SYRACUSE, N.Y. — Do you find yourself endlessly scrolling through Facebook only to come away feeling more abused than amused? If so, your experience matches that of other Facebook users in a recent survey about their online experience. Although 95 percent of respondents said they check their Facebook account daily, researchers find almost half (46%) are getting less enjoyment out of it.
Conducted by Drive Research, the survey of 562 Facebook members discovered that fake news (75%), political debates (69%), hate speech (64%), and posts regarding social movements (63%) are the biggest reasons people are giving the platform a thumbs down. In fact, almost all Facebook users (97%) say they experienced negative posts in their news feeds. Three in four people want the company to step in and clean things up.
How did things get so bad online?
In its infancy in 2004, “Thefacebook” was simply a way for a thousand Harvard students to connect with one another. By 2008, Facebook had surpassed MySpace and soon left that alternative social networking site in the dust. Throughout Facebook’s meteoric rise to 2.5 billion current users in 2021 however, founder Mark Zuckerberg has been embroiled in one controversy after another.
By its very nature, Facebook gets entangled in shifting cultural attitudes. When hate speech became a concern in 2013 and “fake news” became a new term in 2014, like it or not, Facebook was there. In June 2020, following the death of George Floyd, Facebook again got caught in the crosshairs when several advocacy groups launched a “Stop Hate for Profit” campaign against the social media giant.
“We have long seen how Facebook has allowed some of the worst elements of society into our homes and our lives,” says Jonathan Greenblatt, chief executive officer of the Anti-Defamation League, in a media release.
As a result, several companies pushed back at Facebook by pulling their funding from the advertisement platform.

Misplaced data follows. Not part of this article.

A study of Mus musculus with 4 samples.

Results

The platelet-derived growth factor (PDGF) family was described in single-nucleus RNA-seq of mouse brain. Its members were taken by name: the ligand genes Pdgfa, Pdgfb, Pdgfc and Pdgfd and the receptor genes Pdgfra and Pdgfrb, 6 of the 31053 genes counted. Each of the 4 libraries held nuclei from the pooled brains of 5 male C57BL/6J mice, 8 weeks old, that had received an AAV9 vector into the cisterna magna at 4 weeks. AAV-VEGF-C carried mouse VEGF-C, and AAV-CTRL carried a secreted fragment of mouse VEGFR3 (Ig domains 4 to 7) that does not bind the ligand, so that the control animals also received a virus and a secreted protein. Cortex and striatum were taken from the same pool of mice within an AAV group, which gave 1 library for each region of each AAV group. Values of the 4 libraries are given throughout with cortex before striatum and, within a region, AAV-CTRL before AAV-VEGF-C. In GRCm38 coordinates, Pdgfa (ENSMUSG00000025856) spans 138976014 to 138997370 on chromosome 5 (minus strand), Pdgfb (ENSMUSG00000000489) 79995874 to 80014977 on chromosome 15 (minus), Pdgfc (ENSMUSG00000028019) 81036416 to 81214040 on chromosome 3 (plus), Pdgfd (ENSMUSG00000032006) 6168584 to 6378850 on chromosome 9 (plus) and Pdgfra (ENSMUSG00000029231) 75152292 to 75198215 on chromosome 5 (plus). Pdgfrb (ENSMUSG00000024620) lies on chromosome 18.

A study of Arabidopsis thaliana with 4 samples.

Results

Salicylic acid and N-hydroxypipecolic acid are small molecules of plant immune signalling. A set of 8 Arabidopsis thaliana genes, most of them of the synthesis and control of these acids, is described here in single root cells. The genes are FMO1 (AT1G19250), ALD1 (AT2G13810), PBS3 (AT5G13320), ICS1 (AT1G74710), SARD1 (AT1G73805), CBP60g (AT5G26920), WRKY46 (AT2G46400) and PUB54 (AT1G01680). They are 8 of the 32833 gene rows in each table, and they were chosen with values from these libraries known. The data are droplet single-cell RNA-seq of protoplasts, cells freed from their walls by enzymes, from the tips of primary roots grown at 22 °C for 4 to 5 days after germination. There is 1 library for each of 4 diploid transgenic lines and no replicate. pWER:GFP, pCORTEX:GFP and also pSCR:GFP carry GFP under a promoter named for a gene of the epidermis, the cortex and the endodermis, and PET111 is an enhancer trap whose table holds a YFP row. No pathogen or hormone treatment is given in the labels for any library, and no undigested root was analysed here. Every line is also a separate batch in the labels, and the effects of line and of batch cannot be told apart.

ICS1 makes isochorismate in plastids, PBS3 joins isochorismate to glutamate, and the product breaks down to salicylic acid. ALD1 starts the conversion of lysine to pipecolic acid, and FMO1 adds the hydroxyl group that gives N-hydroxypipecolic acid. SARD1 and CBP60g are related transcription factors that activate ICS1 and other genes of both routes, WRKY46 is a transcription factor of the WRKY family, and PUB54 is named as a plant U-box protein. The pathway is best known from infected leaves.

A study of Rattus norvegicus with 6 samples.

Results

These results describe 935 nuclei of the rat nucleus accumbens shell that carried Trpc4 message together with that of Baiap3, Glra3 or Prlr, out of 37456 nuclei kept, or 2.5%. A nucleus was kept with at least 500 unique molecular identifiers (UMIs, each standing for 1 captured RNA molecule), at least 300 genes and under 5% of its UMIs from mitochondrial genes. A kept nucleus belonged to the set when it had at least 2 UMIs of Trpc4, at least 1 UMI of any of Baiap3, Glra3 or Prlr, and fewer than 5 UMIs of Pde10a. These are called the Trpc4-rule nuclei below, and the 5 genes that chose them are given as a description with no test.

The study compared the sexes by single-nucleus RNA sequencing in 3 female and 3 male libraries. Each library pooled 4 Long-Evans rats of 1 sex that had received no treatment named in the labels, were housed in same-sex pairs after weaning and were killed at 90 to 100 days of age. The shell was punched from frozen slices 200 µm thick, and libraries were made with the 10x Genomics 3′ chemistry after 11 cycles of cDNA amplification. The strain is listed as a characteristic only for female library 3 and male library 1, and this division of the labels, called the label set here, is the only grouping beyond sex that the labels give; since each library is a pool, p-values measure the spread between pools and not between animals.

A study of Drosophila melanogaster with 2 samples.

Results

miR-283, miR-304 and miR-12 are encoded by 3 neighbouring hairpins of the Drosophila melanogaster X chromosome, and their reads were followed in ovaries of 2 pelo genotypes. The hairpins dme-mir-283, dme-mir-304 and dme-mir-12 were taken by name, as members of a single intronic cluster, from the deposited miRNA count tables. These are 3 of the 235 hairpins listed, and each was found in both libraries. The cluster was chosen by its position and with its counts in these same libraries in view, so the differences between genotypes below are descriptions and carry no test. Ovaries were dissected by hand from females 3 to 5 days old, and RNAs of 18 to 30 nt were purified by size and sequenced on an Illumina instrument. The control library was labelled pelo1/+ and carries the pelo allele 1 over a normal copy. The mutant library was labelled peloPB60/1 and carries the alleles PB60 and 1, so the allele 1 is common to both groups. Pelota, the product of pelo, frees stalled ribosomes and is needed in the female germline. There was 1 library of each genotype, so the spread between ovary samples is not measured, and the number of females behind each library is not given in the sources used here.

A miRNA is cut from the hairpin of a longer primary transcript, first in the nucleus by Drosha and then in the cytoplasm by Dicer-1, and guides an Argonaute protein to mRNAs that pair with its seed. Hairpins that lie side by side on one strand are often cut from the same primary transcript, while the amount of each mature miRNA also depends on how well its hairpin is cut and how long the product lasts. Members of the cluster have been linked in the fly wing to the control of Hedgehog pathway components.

What does the typical Facebook user think about all this?
The Drive Research poll, from July of 2020, wanted to know what Facebook users think of the platform and how hate speech and misinformation impacted their Facebook experience.
The majority of participants (53%) were unaware of the advertising boycotts that had occurred. When asked what best describes how they feel after spending time on Facebook, about a quarter (27%) experienced sadness, 24 percent felt angry, and another 24 percent exited the site feeling unfulfilled.
To combat some of these issues, about one in three Facebook users took drastic action in the three months leading up to the poll. Almost half (48%) unfriended a Facebook friend, 38 percent blocked a Facebook friend, and 30 percent reported a Facebook friend.
The majority of participants think Facebook has a responsibility to intervene in situations involving fake or bot accounts (80%), the spread of misinformation (76%), and hate speech (74%).
Participants revealed that the negativity of their experience doesn’t just stop when they return to the physical world. One in five said Facebook is having a negative impact on their offline relationships with friends, family, and co-workers. One in three (31%) say it negatively impacts their own mental health. Although members of all generations say they feel Facebook drags them down, 36 percent of Generation Z say they are affected by negative social media.
Fleeing to other platforms
People are looking for something when they go on Facebook. If they don’t find it there, where do they go? Younger generations are increasingly turning to other social media platforms, a trend that began in 2018. Gen Z now averages more time on Instagram (61%), TikTok (59%), and YouTube (57%) than on Facebook.
Throughout history, people and tastes change, as the experience of MySpace shows. Is Facebook making people unhappy, or does Facebook attract unhappy people? If the online experience continues to bring users more pain than pleasure, Facebook will find it harder to maintain its lead position as a social media site.